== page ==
Dalai Lama Makes Low-Key Visit to White House

Los Angeles Times

The Dalai Lama visited the White House Thursday and got the Salman Rushdie treatment.

In a meeting carefully arranged to minimize offense to China, the peripatetic Tibetan leader was permitted 15 minutes with President Clinton. The session was labeled unofficial and took place not in the Oval Office but down the hall in the West Wing suite of Vice President Al Gore. Clinton had displayed similar caution last November when he met with Rushdie, a British author condemned to death by Iran.

The Dalai Lama's low-keyed, late-afternoon White House reception followed formal protests of the meeting by the Chinese government, which branded the Dalai Lama "a political exile who has for a long time engaged in activities aimed at splitting the motherland."

Despite the White House's skittishness, the International Campaign for Tibet praised Clinton's decision to meet with the Dalai Lama as "an important indication of the administration's continued support for Tibet and for negotiations between the Dalai Lama and Beijing."

It was not the first face-to-face session the Dalai Lama has ever had with an American president. In fact, the Tibetan leader had a comparable "drop-by" meeting with Clinton in Gore's office one year ago and also met privately with President Bush in 1991.

But the session took on added importance now, because the Clinton administration must decide by June 3 whether to renew China's trade benefits in this country.

Teamsters Close to Strike Agreement

The Washington Post

The Teamsters union was close to a tentative agreement on a new four-year contract with Trucking Management Inc. Thursday that could end the nationwide trucking strike as early as this weekend.

Negotiators for the union and TMI, which represents unionized trucking companies in labor negotiations, were near agreement on a package that both sides hope will help the dwindling unionized sector of the industry remain competitive in a deregulated era.

Negotiations hit a last-minute snag over union demands for amnesty for less than 100 workers who had been arrested during the strike. Sources close to the talks said they were confidant overall agreement would be reached but cautioned that negotiations over the amnesty issue could drag into Friday.

As the strike entered its fourth week Wednesday there were increasing reports of delayed freight shipments, but the walkout never threatened to create a major economic emergency.

The new agreement, which must be approved by the union's rank and file membership, would allow the companies to ship nearly three times as much freight to the railroads as current rules permit. Companies also would be able to make greater use of part-time or "casual" workers at lower wage rates on the loading docks.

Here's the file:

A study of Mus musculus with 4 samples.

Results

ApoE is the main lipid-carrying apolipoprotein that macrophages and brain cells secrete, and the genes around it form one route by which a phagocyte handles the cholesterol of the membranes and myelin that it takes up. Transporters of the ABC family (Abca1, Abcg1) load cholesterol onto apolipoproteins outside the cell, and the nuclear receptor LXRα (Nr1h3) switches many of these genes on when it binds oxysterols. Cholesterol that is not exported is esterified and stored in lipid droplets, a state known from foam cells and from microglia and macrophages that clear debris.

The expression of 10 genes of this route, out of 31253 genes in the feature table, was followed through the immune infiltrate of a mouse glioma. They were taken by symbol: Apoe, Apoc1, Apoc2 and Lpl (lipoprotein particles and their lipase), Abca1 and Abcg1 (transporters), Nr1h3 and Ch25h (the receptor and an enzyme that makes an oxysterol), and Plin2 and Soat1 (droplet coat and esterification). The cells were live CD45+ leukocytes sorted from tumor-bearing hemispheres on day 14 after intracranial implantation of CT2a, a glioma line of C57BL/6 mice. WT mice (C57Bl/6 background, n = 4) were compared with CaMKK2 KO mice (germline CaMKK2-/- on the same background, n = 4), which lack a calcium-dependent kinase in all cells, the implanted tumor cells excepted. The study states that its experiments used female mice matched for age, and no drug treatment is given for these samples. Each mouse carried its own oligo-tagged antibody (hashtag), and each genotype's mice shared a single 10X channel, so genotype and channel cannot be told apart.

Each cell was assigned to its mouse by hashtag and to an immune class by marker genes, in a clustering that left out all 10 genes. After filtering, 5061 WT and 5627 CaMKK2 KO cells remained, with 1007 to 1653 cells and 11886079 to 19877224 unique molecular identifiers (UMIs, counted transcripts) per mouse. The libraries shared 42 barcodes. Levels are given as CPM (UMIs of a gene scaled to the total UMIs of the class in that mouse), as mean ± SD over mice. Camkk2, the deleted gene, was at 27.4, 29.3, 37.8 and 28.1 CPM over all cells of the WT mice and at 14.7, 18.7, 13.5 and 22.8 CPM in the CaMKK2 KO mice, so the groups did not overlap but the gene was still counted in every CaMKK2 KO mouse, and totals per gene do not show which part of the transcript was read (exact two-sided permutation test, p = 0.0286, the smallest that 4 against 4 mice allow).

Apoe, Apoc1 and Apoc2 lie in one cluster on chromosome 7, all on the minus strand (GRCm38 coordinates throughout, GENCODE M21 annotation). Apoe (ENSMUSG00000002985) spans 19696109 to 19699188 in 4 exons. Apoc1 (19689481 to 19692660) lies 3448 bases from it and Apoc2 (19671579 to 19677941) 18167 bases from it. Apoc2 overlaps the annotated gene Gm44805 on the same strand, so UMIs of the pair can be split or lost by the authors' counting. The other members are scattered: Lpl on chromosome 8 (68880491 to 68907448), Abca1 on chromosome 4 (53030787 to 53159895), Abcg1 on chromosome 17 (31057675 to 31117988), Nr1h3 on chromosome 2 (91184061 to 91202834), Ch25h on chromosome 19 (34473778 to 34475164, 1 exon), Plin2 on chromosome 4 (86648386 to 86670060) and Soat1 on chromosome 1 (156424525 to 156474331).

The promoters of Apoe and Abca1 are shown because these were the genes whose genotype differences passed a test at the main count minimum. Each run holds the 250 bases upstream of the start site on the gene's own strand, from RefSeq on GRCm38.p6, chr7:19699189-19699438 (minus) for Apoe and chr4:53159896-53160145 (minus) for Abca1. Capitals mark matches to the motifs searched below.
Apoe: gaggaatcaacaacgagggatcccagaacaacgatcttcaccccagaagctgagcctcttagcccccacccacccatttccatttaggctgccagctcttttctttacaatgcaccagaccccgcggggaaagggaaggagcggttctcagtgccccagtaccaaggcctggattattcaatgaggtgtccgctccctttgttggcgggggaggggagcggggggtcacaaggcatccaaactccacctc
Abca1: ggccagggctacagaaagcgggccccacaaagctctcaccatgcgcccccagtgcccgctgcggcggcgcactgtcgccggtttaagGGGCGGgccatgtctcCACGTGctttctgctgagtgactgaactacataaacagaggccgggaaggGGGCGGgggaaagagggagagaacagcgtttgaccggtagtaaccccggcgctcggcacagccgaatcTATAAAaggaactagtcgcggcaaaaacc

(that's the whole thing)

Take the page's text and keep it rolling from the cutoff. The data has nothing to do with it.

Girls Visit the World of Work

The Washington Post

Fourteen-year-old Kristy Roundtree has never driven a car, but Thursday she climbed onto the seat of a grimy forklift and took over the controls. The Nissan 9000 lurched a bit, but Roundtree had no trouble with her assignment: moving nearly a ton of steel tubing across the construction yard at American Ironworks in suburban Bladensburg, Md.

"I don't think it's a job of my interest," she said later, "but it's a good job."

While Roundtree was driving a forklift in Maryland, girls were hanging over the shoulders of dentists in Dallas, listening to debates in Britain's House of Parliament and mixing chemicals at a Cleveland plant.

Organizers of the second Take Our Daughters To Work Day estimated that about 3 million American girls, most of them between the ages of 9 and 15, took off a day from school Thursday to go to work with their parents or other adults and get a closer look at opportunities awaiting them in the real world of work.

And some boys came along this year. Many workplaces, responding to a minor controversy over whether this should be a girls-only event, decided to open up the day to sons and daughters. But the Chrysler Corp. and the city of Bellevue, Wash. opted out altogether, complaining that the emphasis on girls was unfair.

The Take Our Daughters To Work Day, which began as a New York event last year, mushroomed into something of a phenomenon this year, with girls trailing alongside adults in tens of thousands of workplaces. And the Ms. Foundation said the idea was adopted by several other countries, including Japan, Africa, Ireland and Britain.

U.S. Navy Pilot Killed When Jet Crashes in Adriatic

The Washington Post

A U.S. Navy pilot was killed Thursday when his jet crashed in the Adriatic Sea while taking off from the USS Saratoga, in what the military said was the first death among the NATO allies as part of the air operation over Bosnia.

Pentagon officials said they did not yet know why the F/A-18 crashed shortly after 3 p.m. local time (10 a.m. EST). A military official said the body of the pilot, who has not been identified pending notification of family, was recovered on the water's surface, leading to the conclusion that he probably ejected from the plane as it was going down.

The pilot was an unmarried lieutenant based at the naval air station at Cecil Field near Jacksonville, Fla., according to a Navy spokesman.

The Saratoga is participating in NATO's "Operation Deny Flight," which for the past year has been enforcing the United Nations prohibition on military flights over Bosnia and providing close air support for the U.N. force trying to contain the civil war there.

The Pentagon said it would not speculate on the causes of Thursday's crash until the Navy's investigation is complete.